Andy Schleck of Saxo Bank nearly lost the Tour de France today. Then again, maybe he did.
When he crashed hard on the descent of the Stockeu, the situation appeared disastrous. He stood on the roadside, dazed, cradling his left arm in his right, making no move to remount.
Gingerly he climbed onto a teammate’s bike and, with barely enough pedal force to keep the bike upright, slowly rode off. It was a decent bet he’d never make it back to the front end of the race.
He was falling again — down the GC, tour slipping away. A 40 second deficit to Alberto Contador in the prologue was now over four minutes on the road to Spa. An extremely unhealthy thing to do in a town famous for rejuvenation.
A year of planning, training, dreaming of that top step, a tour win for all of tiny Luxembourg hung in the balance, tipping badly. He was having a spa experience but it was far from pleasant.
Brother Frank and the indomitable Jens Voigt began to pace him back, the German driving so hard he blew, forced to drop off the pace. Panic and urgency lined Andy’s face. He rode with the fury and desperation of a man about to lose everything. His tour flashed before his eyes but he pulled himself back from the brink.
Chapeau, as the French say. Hell, a dozen chapeaux and maybe a new helmet, too. Disaster averted except for possible lingering injury and worse, an exhausting expenditure of energy the day before the stage everyone fears: the seven sections of cobblestones between Wanze and Arenberg – Porte du Hainaut. Carnage guaranteed, according to Lance Armstrong.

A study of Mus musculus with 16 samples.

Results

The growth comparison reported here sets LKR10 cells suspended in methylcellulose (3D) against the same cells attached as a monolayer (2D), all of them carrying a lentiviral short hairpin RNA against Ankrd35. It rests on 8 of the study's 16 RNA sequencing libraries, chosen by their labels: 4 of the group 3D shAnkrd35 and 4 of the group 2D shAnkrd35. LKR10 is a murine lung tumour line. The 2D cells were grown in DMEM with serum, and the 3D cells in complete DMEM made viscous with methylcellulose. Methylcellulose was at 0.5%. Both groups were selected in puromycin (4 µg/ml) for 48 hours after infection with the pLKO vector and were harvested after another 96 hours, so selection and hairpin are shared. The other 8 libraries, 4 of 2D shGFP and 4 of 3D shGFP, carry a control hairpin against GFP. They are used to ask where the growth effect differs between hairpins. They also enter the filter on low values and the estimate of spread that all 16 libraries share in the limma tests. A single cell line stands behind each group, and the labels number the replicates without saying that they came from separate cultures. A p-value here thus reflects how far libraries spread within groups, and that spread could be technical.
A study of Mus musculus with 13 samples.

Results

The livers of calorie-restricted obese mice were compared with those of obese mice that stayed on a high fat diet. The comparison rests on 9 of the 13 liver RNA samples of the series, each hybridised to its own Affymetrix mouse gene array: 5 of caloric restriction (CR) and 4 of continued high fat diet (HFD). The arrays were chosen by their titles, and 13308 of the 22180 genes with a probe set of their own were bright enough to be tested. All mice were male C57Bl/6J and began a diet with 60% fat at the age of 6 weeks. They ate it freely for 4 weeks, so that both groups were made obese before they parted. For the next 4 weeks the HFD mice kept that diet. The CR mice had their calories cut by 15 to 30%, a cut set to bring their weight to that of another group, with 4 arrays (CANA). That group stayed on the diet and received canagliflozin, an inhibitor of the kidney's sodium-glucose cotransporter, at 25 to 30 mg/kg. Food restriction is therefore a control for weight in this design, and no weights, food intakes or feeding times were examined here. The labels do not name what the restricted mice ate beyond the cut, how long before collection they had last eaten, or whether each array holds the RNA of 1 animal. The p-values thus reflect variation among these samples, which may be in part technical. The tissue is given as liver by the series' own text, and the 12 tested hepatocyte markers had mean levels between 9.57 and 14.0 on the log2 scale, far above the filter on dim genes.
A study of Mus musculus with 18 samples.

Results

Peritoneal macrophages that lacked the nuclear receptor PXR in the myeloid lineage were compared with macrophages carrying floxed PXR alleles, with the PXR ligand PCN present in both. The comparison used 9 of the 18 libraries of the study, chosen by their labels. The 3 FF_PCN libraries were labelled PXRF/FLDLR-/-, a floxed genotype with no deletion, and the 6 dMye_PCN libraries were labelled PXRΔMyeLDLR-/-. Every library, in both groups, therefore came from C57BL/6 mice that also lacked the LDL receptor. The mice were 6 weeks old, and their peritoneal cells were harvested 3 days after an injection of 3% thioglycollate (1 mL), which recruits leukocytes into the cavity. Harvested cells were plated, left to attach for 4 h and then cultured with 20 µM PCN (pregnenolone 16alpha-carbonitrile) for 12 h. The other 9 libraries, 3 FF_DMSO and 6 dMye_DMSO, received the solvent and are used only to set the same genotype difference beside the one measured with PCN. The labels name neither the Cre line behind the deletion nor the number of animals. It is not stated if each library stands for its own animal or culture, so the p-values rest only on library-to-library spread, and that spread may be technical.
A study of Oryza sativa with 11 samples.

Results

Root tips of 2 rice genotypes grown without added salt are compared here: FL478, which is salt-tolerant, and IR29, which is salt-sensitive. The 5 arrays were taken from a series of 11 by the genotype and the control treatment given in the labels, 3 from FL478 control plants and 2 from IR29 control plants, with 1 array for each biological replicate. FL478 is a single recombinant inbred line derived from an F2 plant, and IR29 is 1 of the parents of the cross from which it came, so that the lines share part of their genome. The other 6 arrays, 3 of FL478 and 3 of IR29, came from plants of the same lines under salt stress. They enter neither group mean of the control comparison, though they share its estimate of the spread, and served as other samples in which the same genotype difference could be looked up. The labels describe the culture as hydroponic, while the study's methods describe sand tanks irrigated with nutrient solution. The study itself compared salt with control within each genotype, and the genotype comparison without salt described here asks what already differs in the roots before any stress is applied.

The last thing Andy Schleck wants to do tomorrow is deal with Paris-Roubaix cobblestones while recovering from aches and pains from his crash. He’ll feel the fatigue and be gun-shy about hitting the deck again. Anxiety is not a good tool for dealing with stones.
Andy Schleck could have lost the Tour de France on the 200 kilometer stage over the famed roads of Leige-Bastogne-Leige. He fought hard to finish with the other tour contenders. But in an important way he lost just the same.
It’s an enduring platitude of Le Tour that a rider must measure out every effort carefully, not wasting a drop of precious energy he’ll need for three grueling weeks, the mountains, the final time trial. It’s an endurance sport — which by definition also means it’s a game of conservation.
A crash is the kind of bad luck that drains energy, both mental and physical. Schleck knows he paid today dearly today, not simply in blood and skin, but fuel.
It’s a calculation you can measure in watts. How many accelerations did Schleck lose today that he’ll need on the Col du Tourmalet? We’ll see whatever was lost in two weeks time.